Mar 14, 2017
New survey finds athletes specializing at a younger age

A new survey conducted by the Rothman Institute has found that today’s high school athletes began specializing in a single sport much earlier than those who came before them.

Sport specialization has been linked to increasing injury rates, most recently in a study published by Emory Sports Medicine. But regardless of the evidence suggesting multi-sport participation is beneficial to young athletes, kids continue to narrowly focus on a single sport.

The Rothman survey involved 3,090 athletes. Here are some highlights:

• 46.3% of high school athletes; 67.7% of collegiate athletes and 45.9% of professional athletes specialized to play a single sport during their childhood and adolescence. The high school athletes said they began to specialize at 12.7 years of age, two years younger than college athletes (14.8) and pro athletes (14.7).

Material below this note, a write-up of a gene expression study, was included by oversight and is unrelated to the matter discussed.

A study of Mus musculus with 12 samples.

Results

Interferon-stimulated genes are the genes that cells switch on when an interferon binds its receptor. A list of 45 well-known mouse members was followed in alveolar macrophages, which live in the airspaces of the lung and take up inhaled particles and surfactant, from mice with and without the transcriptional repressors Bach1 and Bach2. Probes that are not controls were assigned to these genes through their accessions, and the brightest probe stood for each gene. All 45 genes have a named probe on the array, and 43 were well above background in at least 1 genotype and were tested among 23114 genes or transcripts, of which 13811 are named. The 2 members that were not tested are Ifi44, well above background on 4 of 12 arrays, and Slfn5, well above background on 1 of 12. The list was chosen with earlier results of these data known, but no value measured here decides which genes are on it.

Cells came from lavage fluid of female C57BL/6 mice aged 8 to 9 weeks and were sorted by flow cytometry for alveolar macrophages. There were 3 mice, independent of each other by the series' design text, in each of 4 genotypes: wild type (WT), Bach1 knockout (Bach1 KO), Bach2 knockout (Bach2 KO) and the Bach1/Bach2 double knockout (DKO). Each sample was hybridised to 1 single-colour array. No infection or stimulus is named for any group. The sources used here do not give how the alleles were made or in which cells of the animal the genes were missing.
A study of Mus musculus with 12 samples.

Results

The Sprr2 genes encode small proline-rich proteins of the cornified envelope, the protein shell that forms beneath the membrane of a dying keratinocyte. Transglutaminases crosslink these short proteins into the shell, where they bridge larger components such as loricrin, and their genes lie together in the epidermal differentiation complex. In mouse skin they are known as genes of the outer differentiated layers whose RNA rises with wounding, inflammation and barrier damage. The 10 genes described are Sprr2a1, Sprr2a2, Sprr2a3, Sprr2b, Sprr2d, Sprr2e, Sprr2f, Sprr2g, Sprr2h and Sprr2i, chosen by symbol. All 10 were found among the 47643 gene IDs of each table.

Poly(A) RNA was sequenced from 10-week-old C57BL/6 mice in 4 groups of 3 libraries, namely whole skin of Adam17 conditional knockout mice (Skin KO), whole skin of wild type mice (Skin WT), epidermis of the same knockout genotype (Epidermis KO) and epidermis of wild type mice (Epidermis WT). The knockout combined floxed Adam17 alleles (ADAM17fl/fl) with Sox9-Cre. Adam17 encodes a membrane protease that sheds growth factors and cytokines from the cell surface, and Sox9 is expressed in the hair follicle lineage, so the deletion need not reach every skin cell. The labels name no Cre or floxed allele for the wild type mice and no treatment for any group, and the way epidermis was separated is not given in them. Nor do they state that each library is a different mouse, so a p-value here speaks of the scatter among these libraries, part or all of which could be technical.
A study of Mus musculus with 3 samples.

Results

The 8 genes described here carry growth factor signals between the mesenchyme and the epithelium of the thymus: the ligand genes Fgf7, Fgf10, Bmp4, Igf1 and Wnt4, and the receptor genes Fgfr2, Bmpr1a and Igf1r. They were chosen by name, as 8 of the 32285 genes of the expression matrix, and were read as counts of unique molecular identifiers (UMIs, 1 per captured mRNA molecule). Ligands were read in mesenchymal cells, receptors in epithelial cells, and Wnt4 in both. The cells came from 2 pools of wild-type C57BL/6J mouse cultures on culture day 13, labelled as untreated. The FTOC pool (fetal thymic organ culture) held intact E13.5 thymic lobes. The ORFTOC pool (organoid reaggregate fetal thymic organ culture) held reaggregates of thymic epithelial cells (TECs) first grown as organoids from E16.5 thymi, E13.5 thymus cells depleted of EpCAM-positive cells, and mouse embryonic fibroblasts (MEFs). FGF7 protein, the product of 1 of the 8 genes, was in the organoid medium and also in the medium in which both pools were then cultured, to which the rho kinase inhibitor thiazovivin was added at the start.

• 61.7% of professional athletes indicated that they believe specialization helps athletes play at a higher level versus 79.7% of high school athletes and 80.6% of collegiate athletes.

• Only 22.3% of professional athletes said they would want their own child to specialize in one sport during childhood/adolescence.

The same survey found that 40% of high school athletes reported suffering a sports-related injury, compared to 42% at the collegiate level and just 25.4% at the professional level.

Researchers concluded that the findings “challenge the notion that success at an elite level requires athletes to specialize in one sport at a very young age.”

Click here to read more about the Rothman study.